Feedback - TBM Payroll, NY

This article comes from Entrepreneur.

6 Tips for Hearing Tough Feedback

Ultimately, the choice to act, or not act, is yours. Here are six tips for hearing tough feedback and reacting graciously.

1. Stop!

When we receive tough feedback, the amygdala in our brains is triggered. This is the piece of our limbic system responsible for the fight or flight response. Unfortunately, that response, designed to protect us from threats, may misperceive feedback as the threat.

And that’s a problem because the real threat is the behavior or event that triggered the need for feedback in the first place. So, stop at the first sign that a “Yes . . . but!” or “You’re wrong” response starts bubbling up. Tamp it down. Don’t react to the feedback. Instead, bide your time; listen to the whole message. Then choose your response.

2. Say “thank you.”

I know, your critic wasn’t expecting that! However, before you get on your high horse and start telling the other person how misguided his or her feedback is, stop, look the other person in the eye and deliver a heartfelt “Thank you!”

My guess is that if the feedback was important, your colleague will have put a lot of thought and effort into drumming up the courage to tell you. Chances are, this person cares enough about you and your relationship to share the message. So the least you can do is acknowledge it and say “Thank you.”

3. Look for the 1 percent grain of truth.

When we receive tough feedback we tend to see it as a complete character assassination. “You’re late” is heard as “You are always late,” which results in our silently listing events where we were not only on time, but early. See, what happens is that we move from listening to defending ourselves.

Instead of taking the feedback as the absolute truth that applies all the time, look for the 1 percent grain of truth. Build from there.

4. Seek out the patterns.

It’s easy to dismiss feedback that doesn’t match our own self-perception and move on to the next thing without a second thought. Bur before you do that, think back; reflect. Have you ever received this feedback before? How about something similar? If this is the first time you have ever had this feedback, then let it go.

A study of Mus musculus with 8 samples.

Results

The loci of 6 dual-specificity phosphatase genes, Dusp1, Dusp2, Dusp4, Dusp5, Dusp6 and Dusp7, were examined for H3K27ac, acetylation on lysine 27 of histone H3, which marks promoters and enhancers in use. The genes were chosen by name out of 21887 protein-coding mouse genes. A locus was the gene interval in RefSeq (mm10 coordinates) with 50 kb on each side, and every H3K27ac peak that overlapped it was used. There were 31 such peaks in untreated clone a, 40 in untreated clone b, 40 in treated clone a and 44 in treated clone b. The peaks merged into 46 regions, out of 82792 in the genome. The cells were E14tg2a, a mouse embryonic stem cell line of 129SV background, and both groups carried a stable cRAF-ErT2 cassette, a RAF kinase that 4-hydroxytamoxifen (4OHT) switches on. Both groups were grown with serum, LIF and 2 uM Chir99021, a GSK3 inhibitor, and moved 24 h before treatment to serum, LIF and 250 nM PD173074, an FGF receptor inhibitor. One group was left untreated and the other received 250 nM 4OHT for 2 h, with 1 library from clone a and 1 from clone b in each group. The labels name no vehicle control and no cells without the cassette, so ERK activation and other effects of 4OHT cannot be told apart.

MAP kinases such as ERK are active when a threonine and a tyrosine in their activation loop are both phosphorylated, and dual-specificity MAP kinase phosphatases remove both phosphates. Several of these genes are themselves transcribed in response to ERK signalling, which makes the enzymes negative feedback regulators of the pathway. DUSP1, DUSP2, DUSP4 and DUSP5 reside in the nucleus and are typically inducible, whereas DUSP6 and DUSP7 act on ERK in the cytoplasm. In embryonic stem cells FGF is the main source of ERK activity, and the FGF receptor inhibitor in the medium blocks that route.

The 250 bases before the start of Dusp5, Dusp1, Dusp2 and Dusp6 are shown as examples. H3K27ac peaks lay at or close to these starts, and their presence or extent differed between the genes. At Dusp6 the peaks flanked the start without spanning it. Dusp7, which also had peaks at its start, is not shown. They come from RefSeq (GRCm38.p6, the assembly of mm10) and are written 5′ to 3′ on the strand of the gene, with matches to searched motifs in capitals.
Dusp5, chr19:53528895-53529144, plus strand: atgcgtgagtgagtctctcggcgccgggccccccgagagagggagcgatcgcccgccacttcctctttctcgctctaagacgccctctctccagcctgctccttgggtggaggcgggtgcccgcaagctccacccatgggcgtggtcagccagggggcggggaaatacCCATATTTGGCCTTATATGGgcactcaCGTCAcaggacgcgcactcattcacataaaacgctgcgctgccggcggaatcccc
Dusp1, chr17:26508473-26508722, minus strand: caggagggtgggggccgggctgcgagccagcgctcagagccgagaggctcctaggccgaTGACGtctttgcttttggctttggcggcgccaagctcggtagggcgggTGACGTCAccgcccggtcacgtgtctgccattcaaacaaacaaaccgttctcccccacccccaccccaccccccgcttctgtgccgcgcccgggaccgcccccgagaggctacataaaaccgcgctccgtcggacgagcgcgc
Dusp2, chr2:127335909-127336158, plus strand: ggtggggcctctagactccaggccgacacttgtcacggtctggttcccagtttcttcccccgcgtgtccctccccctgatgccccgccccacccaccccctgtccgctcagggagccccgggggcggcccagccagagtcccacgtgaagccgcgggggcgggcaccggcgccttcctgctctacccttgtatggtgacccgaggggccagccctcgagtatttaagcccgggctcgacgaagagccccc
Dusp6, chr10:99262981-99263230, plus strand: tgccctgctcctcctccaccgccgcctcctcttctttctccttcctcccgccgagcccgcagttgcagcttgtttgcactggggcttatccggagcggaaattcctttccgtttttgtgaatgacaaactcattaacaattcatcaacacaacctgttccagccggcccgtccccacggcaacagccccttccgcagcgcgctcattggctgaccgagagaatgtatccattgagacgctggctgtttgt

If it sounds even vaguely familiar, then stop and listen up. One point of view has just turned into a pattern. And patterns can help or hinder you. What is the common factor, place, situation or theme? Does the feedback matter enough to you today to sit up and pay attention?

5. Listen with curiosity.

Quiet your inner voice and listen hard to the message. Ask, “Why would someone think that of me?” Asking a question (even in your head) engages the neocortex; the gray matter; your rational, thinking brain. By asking, you’ll see your question soften your amygdala’s ability to trigger that fight or flight response.

Remember, feedback is the answer to a problem you may or may not have known you have. If you are curious, you can become engaged in the conversation. You don’t have to agree with the feedback or act on it. But if you aren’t curious, you won’t hear it, you won’t be able to process it, and the gift of feedback will be lost to you.

6. Ask questions.

Questions enable you to clarify what you have heard, to identify the specific behaviors that resulted in the unintended impact, and hence truly hear the feedback.

Apply these six tips, and you will be less likely to feel caught off guard the next time someone provides you with some unexpected feedback. While tough feedback is never our first choice, it’s something that can accelerate our success — if we hear it.